From the No Hair Day series
Members Preview Reception Saturday, September 17, 6pm - 8pm
Artist Talk Wednesday, September 28, 12:30pm
Panel Discussion: No Hair Day Sunday, October 2, 3pm
Photographer Elsa Dorfman in conversation with filmmakers Bob Burns and Deborah Dorsey about their work on the film No Hair Day.
“Dorfman has made strong portraits of one of the most important issues today. Her pictures are both biting and poignant.”
-- Mary Ellen Mark
For the past 34 years, photographer Elsa Dorfman has produced personal and commercial portrait photographs of what she calls "affection and survival." Her current exhibition at the Danforth places examples of early photographs of friends in contrast to images taken for her “No Hair Day " project—the visual story a single afternoon in the lives of three women, all undergoing treatment for breast cancer. In the dozen large-format Polaroids, the three appear strong, anxious, fun-loving, private - in short, they display a gamut of human emotions and behaviors compressed into a day. Filmmaker Bob Burns Burns recorded the photography session, and the resulting film was produced by PBS as part of the Independent Lens series.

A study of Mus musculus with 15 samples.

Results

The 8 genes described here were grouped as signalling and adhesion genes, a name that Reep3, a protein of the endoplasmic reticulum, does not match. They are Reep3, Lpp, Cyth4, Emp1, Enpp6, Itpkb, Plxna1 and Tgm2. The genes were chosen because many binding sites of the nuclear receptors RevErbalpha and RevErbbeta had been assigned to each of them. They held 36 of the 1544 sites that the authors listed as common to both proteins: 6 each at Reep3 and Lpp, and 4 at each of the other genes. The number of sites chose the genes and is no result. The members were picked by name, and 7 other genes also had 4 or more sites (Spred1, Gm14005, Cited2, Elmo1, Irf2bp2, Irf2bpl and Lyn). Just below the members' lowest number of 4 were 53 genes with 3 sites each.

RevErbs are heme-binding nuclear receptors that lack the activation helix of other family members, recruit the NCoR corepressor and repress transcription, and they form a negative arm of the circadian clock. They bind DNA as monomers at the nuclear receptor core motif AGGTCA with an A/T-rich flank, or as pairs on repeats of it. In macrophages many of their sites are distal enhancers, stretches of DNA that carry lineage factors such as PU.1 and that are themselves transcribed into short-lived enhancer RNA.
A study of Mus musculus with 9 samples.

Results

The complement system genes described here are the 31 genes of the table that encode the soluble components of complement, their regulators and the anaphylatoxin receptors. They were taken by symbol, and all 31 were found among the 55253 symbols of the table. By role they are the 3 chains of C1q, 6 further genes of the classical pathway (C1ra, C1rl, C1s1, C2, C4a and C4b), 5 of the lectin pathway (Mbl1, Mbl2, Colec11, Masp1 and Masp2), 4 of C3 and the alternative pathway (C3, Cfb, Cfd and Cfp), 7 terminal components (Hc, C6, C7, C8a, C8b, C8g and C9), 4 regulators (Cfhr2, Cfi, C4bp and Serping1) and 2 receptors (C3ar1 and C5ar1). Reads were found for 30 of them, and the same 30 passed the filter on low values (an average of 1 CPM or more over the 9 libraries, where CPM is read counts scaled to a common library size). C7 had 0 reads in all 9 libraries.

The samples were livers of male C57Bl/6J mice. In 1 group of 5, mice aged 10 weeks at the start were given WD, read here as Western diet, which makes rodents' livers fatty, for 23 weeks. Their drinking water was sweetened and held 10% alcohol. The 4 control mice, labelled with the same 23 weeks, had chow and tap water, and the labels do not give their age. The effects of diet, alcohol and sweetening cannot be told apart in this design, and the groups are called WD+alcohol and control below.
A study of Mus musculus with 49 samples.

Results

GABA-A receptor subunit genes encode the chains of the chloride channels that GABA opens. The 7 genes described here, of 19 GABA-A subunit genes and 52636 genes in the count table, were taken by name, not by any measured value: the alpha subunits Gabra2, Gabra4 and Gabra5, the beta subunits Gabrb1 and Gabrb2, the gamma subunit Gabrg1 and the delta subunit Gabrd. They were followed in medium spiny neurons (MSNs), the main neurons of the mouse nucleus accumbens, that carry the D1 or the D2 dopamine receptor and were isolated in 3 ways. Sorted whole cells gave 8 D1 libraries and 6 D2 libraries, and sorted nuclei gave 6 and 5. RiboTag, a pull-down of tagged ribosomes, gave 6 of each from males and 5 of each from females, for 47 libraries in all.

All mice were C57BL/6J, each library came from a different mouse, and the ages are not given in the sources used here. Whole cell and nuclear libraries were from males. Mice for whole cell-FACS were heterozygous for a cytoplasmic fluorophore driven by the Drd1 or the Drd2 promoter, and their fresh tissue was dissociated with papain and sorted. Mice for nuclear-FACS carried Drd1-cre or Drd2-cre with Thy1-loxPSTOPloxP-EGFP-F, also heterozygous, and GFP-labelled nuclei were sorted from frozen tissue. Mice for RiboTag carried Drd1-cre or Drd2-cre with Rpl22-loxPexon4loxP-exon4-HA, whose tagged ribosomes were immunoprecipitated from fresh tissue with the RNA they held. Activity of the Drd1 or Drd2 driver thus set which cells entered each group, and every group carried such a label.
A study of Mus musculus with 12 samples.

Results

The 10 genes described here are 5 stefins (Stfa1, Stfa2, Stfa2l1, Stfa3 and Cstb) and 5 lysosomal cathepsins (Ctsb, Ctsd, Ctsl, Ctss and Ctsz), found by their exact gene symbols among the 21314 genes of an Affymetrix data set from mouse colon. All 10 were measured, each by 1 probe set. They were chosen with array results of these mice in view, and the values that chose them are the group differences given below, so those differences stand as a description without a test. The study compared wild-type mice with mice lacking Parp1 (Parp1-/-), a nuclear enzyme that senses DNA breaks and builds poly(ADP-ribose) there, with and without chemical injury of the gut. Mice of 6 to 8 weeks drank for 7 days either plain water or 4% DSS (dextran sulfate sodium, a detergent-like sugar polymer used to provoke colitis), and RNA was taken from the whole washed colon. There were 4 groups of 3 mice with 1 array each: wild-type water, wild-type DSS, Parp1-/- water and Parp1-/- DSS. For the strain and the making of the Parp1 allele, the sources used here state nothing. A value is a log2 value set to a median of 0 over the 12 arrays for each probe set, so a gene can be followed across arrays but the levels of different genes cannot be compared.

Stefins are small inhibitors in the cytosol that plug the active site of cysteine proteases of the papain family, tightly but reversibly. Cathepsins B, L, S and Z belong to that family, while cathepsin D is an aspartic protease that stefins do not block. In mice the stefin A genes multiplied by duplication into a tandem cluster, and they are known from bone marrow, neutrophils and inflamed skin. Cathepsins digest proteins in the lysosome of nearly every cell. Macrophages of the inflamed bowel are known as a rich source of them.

Born in 1937 in Cambridge, Massachusetts, Elsa Dorfman studied French Literature at Tufts University before working at Grove Press and The Evergreen Review in New York. Moving back to Cambridge, she earned an MA in education from Boston College and briefly taught elementary school before learning to use a camera. Informal portraits of close friends Allen Ginsberg, Robert Creeley, Laurence Ferlinghetti and others started her career as portrait photographer. Her oversized Polaroid camera, one of only six worldwide, is used to create very large prints (23" x 23"). She works in New York and in Cambridge, where she also lives.